Review Summary: A new chapter for one of rock's most consistent bands
The Black Keys have long existed in a world entirely their own. Over the course of six albums the Akron, Ohio duo have played their own brand of fuzzy, skuzzy blues that sounded as if Dan Auerbach and Patrick Carney just decided to stop listening to any music released past 1964, and forget all that British Invasion ***. It’s a sound that has won them fairly consistent critical acclaim over the years and the kind of niche existence that many bands would kill for, but it’s also turned into a bit of a disadvantage for longtime fans – it became increasingly difficult to differentiate album from album or, worse, song from song. The input of producer Danger Mouse on 2008’s Attack & Release
helped by introducing various new elements into their sound, from doo-wop to R&B, but the heart and fire the band routinely brought on earlier records seemed to be lacking.
No longer. After a sizable (for their standards) break spent on various side projects, the Keys have returned with a record that takes those new influences from Attack & Release
and infuses it with the scorching, old school rock devout followers will recognize immediately. It’s surprising that Danger Mouse returns for only one track here, first single “Tighten Up,” and perhaps even more surprising that the song blows away near everything from Attack & Release
. It’s bouncy and funky, with a decidedly Motown feel courtesy of the producer, but is also a distinctively Black Keys-ian work – Auerbach spitting verses with the fire of a revivalist preacher, Carney providing iron-tight drum work, the chorus one of the best the Keys have put down in years. After a couple years spent doing things decidedly un-bluesy, it’s as if Auerbach and Carney returned with a newfound sense of purpose but also with a sense of loose adventure and bar band camaraderie, borne out of their own side projects and Danger Mouse’s valuable influence on their last record. It’s something not readily apparent when one listens to the straight-ahead, grimy rock that opens the record on “Everlasting Light,” but something that shines through as Brothers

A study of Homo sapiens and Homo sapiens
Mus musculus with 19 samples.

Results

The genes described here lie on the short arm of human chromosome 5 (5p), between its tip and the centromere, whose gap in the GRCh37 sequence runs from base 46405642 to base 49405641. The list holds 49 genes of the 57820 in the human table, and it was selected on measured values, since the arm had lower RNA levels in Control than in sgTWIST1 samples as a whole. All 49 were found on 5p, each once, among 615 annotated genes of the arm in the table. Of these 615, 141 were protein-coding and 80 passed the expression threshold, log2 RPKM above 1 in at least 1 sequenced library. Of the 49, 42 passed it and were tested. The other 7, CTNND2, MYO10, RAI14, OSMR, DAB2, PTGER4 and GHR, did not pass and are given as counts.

It’s the vintage guitar sound and bass tone on “Howlin’ For You” that sounded so contrived on their last records sounding intensely natural here, like a Howlin’ Wolf time capsule; how “Ten Cent Pistol” toes the line between a smoldering roadside tale and a full-on guitar conflagration; the beautiful riff on “Unknown Brothers” framing one of the record’s most gorgeous melodies. This is definitely a Black Keys record, as one listen to barnburners like “Black Mud” and “Next Girl” makes clear, but it throws off the stale path the band had begun to wear down with ease, making a sound decades old sound fresh and renewed. A lot of the credit has to go to Auerbach, who confidently stakes his claim as one of indie rock’s most soulful singers throughout – his improved falsetto brings some much needed expression to lyrics that are often not as important as the feelings Auerbach’s vocal stylings bring forth.
Everything comes together on their cover of Jerry Butler’s “Never Give You Up” (just one “gonna” away from an even better choice), where Auerbach’s fiery vocals make a standard torch song into an impassioned plea impossible to ignore. It helps that the fat horn fills and a lo-fi quality that makes it sound like the band recorded this on stage in a dive bar somewhere in the Georgia swamp all add to an essentially timeless aura. Perhaps it says something about the Black Keys that the best song on Brothers
is a cover, but it’s also fitting in its own way – after all, the Keys have always subsisted on the fruits of their musical ancestors, building on riffs and traditions that originated a half-century ago. You can still claim that they cop styles long past their expiration date, that their sound is a gimmick and/or played out, that they carry on for far too long (at 15 tracks, Brothers
does extend its welcome unnecessarily). But Brothers
marks for perhaps the first time in their career that the Black Keys may have opened the door on a new chapter, one that revolves more around the band’s refined songwriting, monster hooks, and growing grab bag of influences than on any one classic sound. If so, perhaps the Keys can go from being one of rock’s consistently great bands to one of its consistently best.